We have two DSL modems on two separate lines, one of which supports wireless DSL and is used with my laptop. The other modem doesn’t support wireless and is used by my wife’s desktop. Is there any reason I can’t swap the two modems? That is, I want to use the wireless-supporting modem with my wife’s desktop, and use her older nonwireless one with my laptop. This would be a prelude to eventually giving up the second DSL line and having the one wireless DSL modem support both of our computers.
Are they both for the same provider?
Do you have static IP addresses?
If the answers are “yes” and “no” respectively, then you should be able to swap them. If you’re not sure, you could at least try to swap them. The worse  that would happen is the DSLAM/router which provides you DSL signal would fail to recognize the modem, and you don’t connect.
 Barring worse case senario theater, that is.
Give up the more expensive / slower DSL line, and plug the other DSL modem into a wireless router. This will give you wireless for the laptop and wired for the desktop.
I’ve not seen a DSL modem that directly does wireless - does it also do security? Most wireless broadband routers have security functions. (firewall, port forwarding, etc., not to mention WEP / WPA wireless security) A rather popular one of these is the Linksys WRT54G - it’s often available for $50 or so.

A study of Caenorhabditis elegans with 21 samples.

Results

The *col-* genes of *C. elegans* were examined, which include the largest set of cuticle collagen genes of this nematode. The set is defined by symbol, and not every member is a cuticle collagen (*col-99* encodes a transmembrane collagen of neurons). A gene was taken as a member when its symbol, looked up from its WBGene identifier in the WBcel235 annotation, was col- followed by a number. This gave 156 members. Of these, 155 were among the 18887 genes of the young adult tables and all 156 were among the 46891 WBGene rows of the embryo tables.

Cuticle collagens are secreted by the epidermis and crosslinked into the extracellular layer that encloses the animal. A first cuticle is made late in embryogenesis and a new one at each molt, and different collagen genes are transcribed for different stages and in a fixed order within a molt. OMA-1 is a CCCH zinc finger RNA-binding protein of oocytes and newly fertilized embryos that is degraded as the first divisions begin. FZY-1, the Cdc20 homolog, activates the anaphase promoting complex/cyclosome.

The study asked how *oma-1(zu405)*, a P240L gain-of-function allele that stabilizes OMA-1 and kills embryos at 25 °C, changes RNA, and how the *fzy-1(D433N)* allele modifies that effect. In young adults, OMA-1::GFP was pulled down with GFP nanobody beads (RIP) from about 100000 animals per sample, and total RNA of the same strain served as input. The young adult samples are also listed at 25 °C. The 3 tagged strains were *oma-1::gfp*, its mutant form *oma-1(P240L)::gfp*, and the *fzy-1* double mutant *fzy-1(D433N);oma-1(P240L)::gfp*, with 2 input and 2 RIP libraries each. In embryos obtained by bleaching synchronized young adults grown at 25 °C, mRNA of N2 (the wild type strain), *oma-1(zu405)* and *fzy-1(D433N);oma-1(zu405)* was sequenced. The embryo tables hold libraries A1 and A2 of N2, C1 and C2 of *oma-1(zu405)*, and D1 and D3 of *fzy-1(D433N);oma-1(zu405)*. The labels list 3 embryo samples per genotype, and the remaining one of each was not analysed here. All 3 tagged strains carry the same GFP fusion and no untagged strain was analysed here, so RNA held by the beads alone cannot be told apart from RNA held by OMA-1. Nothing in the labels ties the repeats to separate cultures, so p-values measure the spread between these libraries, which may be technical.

I have one - the Westell 327W. Verizon DSL gives them out. It has just about all the security features (both wireless and firewall-related) of your average low-end wireless router, and four Ethernet ports to boot.
I’m assuming the modem I got later does support wireless access–it’s got a “Wireless” LED indicator, and a little antenna looking sort of thingy that presumably goes with it. I do know that I need additional equipment for my laptop to make it work with the wireless modem.
Maus, what do you mean by “static IP addresses”?
Some ISPs will assign an IP address that will belong to you, and you alone. It’s programmed into your modem or router, and the DSLAM will be looking for that IP address. This is very rarely used for home application, since it severly limits the pool of availible IP addresses an ISP may have. I guess you could say this is one of those “if you have to ask” situations.
It’s more likely that you have an assignable IP address. This means you get a different IP address whenever you sign on. Since not all of an ISP’s customers will be logged on at the same time, they can save money by requesting fewer IP addresses.
I’m sure there’re people who could better explain it. I just install the lines.